What’s growing in May & June: Alliums!

You don’t like dancing with crazy Ted, he’s always jumping on your head? But, oooooooo, you love onions? Join the club. Now is the time the popsicle-like flowers of Alliums come into their own.

I captured the display above on a small street in the Junction. All the neighbours seem to have shared in the bounty. The large ones are probably Allium ‘Globemaster’, the smaller, shorter ones are likely A. aflatunense. Carpenter bees were going crazy in both when I happened by.

My friend S. is a great lover of alliums. When she moved from a sunny Mississauga home to a shady, ravine-side house in the Beach a couple of years ago, I think the thing she missed most were her alliums.

I need more alliums myself. I am the proud co-habitor with a set of Allium schubertii. Sarah and I are always at odds at whether this is pronounced Schubert-ee (Sarah) or Schubert-ee-eye (me). [Mea culpa: It isn’t “schubertii,” it’s “cristophii!” I’m still right about the ee-eye, though. H.] Naturally, older sister mode kicks in to make me sure I am right.

However you say it, mine this year are demonstrating the effects of self-seeding abandon. This variety makes large, loose heads of metallic-mauve flowers, like living geodesic domes. Quite the garden statement.

Another allium in my garden is the wacky Egyptian Onion or Walking Onion, A. cepa. “Walking,” because it makes onion sets at the top of its stems, which when ripe tip the stem over like perpetual drinking birds to plant themselves all over the garden.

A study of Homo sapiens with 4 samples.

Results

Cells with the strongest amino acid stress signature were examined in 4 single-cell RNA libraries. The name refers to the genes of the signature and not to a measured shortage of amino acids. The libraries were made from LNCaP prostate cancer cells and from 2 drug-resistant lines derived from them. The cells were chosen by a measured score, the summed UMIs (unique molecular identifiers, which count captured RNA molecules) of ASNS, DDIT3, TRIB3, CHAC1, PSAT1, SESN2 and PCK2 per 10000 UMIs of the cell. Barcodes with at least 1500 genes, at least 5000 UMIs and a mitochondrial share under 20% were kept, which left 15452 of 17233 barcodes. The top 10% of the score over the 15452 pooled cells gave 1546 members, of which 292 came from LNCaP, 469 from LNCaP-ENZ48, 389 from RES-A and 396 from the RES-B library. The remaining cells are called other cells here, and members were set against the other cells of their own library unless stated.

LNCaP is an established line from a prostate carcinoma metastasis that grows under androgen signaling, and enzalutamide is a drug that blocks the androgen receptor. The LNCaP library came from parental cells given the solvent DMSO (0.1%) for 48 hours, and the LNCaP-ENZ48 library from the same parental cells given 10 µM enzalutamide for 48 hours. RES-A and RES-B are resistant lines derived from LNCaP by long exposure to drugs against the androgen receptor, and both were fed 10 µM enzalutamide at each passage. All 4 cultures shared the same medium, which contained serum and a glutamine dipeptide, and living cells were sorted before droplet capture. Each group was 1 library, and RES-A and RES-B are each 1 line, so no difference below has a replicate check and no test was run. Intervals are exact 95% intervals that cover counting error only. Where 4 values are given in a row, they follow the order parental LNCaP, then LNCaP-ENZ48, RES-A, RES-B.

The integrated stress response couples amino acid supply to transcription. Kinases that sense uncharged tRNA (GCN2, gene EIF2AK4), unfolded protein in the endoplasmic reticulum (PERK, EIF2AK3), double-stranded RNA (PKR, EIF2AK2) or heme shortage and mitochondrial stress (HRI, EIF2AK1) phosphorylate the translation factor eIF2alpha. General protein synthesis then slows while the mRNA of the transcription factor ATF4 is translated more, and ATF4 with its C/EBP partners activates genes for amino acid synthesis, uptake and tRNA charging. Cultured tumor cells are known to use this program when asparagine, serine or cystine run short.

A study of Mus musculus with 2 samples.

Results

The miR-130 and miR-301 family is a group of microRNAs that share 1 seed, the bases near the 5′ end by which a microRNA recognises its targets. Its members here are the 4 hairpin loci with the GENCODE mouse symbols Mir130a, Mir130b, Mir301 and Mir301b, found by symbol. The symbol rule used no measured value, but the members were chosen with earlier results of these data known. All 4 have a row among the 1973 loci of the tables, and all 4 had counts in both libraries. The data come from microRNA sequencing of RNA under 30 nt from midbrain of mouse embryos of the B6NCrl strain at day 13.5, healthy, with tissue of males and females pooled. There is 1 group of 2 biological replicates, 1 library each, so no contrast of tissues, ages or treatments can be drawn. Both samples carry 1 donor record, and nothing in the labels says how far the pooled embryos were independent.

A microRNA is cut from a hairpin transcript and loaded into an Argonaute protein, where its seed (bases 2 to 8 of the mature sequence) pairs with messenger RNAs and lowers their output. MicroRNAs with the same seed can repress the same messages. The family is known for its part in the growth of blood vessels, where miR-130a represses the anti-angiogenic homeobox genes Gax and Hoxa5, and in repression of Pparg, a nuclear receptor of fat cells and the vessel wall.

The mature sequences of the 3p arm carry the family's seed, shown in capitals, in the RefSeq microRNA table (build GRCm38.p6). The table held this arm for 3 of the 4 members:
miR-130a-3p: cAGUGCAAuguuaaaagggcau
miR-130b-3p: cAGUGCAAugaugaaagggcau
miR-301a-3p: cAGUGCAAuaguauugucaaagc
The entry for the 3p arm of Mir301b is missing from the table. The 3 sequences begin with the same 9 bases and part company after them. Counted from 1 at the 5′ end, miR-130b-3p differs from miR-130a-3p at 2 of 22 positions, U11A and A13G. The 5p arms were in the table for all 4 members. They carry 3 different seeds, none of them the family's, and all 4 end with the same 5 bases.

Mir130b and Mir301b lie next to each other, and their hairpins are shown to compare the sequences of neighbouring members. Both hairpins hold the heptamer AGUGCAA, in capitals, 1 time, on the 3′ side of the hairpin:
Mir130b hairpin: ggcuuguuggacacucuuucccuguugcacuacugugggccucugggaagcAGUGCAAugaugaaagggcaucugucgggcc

In the meantime, they put on a wild show of eccentric blooms and stems. Here, they are doing their interpretation of a deer with a Carmen Miranda set of antlers. I find them endlessly fascinating.

Let us not forget the lowly chive, A. schoenoprasum. They’re usually mauve, but Sarah purchased a specimen of this lovely pink variety on a visit to Patrick Lima’s Larkwhistle garden on the Bruce Peninsula a few years ago. It successfully thrives under less than ideal conditions under Norway maples in her front garden.

Myself, I have a growing colony of A. tuberosum, or garlic chive. The pretty white umbels of fragrant flowers appear in late summer or early fall.

Like all chives, all parts of the plant are edible. Their leaves and flowers make lovely additions to or garnishes for salads.

All hail the onion, in its many varieties!


  1. Onions! onions ha ha ha. Onions! onions rah rah rah!

    I don’t think I’ll be able to look at an allium ever again without having this song going through my head.

    I guess I somehow forgot that alliums were in fact onions.

    Also I’m noticing the word “onion” itself is sort of funny-looking. (how I you mean, funny-looking, in what way? Oh, I don’t know, just sor tof funny-looking.)When you type it a few times, it just sort of jumps all over the place with all those vowels.

    Well thankfully my onions are jumping all over the place and I’ll soon have some to dig up and spread around to your onion deprived spot by your fence.

  2. I just commented on your iris post, but I had to say how happy I am to read your post about alliums. We too absolutely love them in the garden. Right now, the huge architectural forms of the large purple alliums echo the smaller, less rigid form of the chives (which I love for their reliability and functionality) and both make a perfect foil for the elegant siberian irises growing in between. In the hot days at the end of summer the garlic chives magically appear (they’ve migrated everwhere in our garden) and their starry white heads are a welcome antidote to the hot colours of our late summer garden. This year we’ve added garlic to our collection of alliums and can’t wait to harvest them and avoid for a little while the perverse necessity of purchasing garlic grown in China. We echo your hail to the onion.